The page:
Horse meat has once again been detected in “beef” products sold in Great Britain.
The British equivalent of the FDA — the Food Standards Agency (FSA) — discovered horse DNA in canned beef sold in discount stores in Northern Ireland and England. This is the second time in less than a year that horse meat has been discovered in beef products in the United Kingdom.
“The FSA has been informed that a batch of canned sliced beef that was found to contain horse DNA has been removed from sale,” a press release noted. Inspectors discovered that cans of Food Hall Sliced Beef and Gravy contained 1 to 5 percent horse meat, British newspapers reported. The canned meat was yanked off the shelves as soon as the equine DNA was discovered.
The canned meat apparently came from Romania, which like Britain is part of the European Union. It was sold through Quality Save and Home Bargains, two chains of discount stores.
The canned meat is only the latest round of what the British press is calling the “horse meat scandal.” As previously reported by Off The Grid News, early in 2013 tens of millions of burgers and other frozen products were yanked from shelves at some of Britain’s largest supermarkets after they were found to contain horse meat. There have also been rumors that dog meat was sold at some British restaurants.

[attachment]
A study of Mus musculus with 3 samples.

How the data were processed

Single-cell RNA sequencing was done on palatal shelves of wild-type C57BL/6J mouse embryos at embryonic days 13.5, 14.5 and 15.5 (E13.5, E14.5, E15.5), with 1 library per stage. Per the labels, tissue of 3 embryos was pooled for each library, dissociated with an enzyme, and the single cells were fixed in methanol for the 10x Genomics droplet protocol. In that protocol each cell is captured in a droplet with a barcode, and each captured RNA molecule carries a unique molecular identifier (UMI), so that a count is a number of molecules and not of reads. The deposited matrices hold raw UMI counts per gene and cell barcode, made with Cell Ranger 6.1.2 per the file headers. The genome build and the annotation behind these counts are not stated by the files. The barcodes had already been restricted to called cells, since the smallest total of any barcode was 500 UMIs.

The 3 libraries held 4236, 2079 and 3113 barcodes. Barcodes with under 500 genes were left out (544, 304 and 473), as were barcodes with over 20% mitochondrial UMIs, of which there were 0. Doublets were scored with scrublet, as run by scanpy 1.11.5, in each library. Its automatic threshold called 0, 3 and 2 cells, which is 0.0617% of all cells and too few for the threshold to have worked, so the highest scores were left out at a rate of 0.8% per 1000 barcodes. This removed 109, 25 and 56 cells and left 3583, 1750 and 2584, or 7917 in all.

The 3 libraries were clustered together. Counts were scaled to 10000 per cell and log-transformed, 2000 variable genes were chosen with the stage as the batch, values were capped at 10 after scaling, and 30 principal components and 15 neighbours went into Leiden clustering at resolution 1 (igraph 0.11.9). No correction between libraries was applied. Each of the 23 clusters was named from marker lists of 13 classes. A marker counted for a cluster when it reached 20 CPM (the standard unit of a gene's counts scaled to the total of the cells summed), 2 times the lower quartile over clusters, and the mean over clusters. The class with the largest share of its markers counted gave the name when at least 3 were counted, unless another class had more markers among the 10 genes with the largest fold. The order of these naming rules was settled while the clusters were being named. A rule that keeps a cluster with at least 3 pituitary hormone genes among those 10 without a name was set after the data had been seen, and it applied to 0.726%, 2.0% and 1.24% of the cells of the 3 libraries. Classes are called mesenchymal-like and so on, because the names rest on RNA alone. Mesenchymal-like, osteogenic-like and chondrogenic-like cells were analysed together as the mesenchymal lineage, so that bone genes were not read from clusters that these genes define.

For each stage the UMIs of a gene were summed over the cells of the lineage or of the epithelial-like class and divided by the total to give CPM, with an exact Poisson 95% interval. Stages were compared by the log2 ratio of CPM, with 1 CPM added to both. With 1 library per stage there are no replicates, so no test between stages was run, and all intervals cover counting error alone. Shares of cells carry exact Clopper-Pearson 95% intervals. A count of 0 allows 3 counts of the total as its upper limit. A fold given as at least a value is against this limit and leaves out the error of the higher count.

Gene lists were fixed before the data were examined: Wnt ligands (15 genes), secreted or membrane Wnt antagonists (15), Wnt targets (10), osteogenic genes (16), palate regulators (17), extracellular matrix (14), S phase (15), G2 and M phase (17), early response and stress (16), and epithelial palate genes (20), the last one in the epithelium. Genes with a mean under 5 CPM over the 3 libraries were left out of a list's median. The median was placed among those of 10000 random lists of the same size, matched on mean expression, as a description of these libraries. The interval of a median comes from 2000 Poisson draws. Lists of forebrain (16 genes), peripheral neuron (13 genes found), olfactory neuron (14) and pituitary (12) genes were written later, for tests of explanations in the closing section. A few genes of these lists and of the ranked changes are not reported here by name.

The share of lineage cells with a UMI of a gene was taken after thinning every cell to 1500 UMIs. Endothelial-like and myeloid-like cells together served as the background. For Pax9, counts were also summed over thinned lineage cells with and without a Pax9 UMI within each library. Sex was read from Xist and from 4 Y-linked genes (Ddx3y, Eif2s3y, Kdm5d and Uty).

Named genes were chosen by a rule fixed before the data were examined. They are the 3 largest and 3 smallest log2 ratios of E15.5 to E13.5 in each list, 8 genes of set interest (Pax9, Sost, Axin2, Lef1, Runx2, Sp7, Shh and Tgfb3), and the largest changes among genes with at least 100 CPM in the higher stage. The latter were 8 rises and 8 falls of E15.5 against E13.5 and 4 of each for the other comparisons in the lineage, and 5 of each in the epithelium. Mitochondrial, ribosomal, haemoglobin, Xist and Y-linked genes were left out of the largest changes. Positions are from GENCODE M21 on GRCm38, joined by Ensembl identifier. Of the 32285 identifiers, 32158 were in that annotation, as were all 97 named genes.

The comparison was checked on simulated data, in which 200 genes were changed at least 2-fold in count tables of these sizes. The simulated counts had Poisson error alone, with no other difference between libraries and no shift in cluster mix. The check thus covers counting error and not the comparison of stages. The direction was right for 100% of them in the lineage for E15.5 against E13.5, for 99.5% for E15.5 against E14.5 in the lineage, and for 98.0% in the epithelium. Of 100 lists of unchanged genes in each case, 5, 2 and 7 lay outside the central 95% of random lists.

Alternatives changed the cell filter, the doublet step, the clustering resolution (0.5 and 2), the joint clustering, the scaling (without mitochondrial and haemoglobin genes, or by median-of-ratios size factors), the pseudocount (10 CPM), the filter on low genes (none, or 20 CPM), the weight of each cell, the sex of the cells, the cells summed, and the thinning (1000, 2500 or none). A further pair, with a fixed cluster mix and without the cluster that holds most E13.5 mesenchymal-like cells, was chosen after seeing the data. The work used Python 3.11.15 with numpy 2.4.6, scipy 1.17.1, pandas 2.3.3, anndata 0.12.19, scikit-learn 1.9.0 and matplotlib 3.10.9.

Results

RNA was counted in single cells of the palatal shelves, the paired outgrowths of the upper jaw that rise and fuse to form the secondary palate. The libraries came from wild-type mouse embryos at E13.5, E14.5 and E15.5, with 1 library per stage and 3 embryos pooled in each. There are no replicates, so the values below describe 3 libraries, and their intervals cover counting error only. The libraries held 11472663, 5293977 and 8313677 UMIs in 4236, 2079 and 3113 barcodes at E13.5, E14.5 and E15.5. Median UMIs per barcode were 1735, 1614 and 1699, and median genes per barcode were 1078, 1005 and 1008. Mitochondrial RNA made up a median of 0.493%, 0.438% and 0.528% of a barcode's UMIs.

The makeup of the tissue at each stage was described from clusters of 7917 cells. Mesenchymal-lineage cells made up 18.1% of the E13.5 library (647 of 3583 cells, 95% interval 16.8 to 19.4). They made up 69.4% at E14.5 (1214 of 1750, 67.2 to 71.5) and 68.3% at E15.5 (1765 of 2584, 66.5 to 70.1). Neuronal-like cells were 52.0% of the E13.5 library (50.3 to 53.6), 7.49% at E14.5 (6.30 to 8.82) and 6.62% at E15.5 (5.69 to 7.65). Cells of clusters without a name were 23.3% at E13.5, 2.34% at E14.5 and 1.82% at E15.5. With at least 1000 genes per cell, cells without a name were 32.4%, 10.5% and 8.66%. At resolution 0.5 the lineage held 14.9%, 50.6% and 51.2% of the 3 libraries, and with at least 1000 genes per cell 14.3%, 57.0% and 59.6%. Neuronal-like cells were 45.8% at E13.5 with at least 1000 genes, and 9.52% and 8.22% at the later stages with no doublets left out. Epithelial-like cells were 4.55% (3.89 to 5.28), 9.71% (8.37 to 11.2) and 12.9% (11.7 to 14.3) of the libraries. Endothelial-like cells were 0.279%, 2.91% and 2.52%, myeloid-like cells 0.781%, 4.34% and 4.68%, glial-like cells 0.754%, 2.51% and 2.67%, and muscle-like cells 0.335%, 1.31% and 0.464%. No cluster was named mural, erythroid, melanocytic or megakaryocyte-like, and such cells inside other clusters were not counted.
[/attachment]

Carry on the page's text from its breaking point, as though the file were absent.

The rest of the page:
British Burger Kings
Horse meat was also found in some burgers for sale at Burger King in the United Kingdom. A recent investigation by The Guardian newspaper shows how horse meat ends up in British kitchens.
Some of the details uncovered include:
- The horse meat burgers were produced by ABP (Anglo-Irish Beef Processors), the largest beef processor in Europe. ABP is owned by billionaire Larry Goodman and in the past, Goodman has been accused of fraud, tax evasion and attempts to pass off inferior meat as higher quality.
- ABP bought horse meat from a Dutch businessman named Willy Selten. Selten was recently arrested for fraud after police discovered that boxes of “beef” at his factory near Rotterdam contained 21 percent horse meat.
- Some of Selten’s employees told The Guardian that he had paid them cash to cut up horse meat and mix it with beef.
- Selten’s employees told reporters that some of the beef they cut up was so rotten it was green.
- Some of the meat was so rotten, that the employees had to tie towels to their faces to keep the fumes from making them sick.
- Selten bought horse meat from a slaughterhouse in Cheshire, England named Red Lion. Red Lion bought horses from British and Irish families and slaughtered them. That means some families may have eaten meat from riding horses or family pets they had to sell because of the poor economy.
- Authorities have been trying to keep the details of how horse meat ended up on the dinner table from the British public.
The scandal earlier this year involved food sold at Tesco, Aldi and Findus.
A free trade deal that could bring horse meat to US?
The horse meat scandal should concern Americans because the Obama administration is negotiating the Transatlantic Trade and Investment Partnership with the European Union. That’s a free trade deal that would allow the direct import of European food into the United States
As Off The Grid News recently reported, critics believe that this deal and another called the Trans-Pacific Partnership could undermine food safety regulations in the United States. The terms of these deals could replace U.S. food regulations with the terms of the treaties.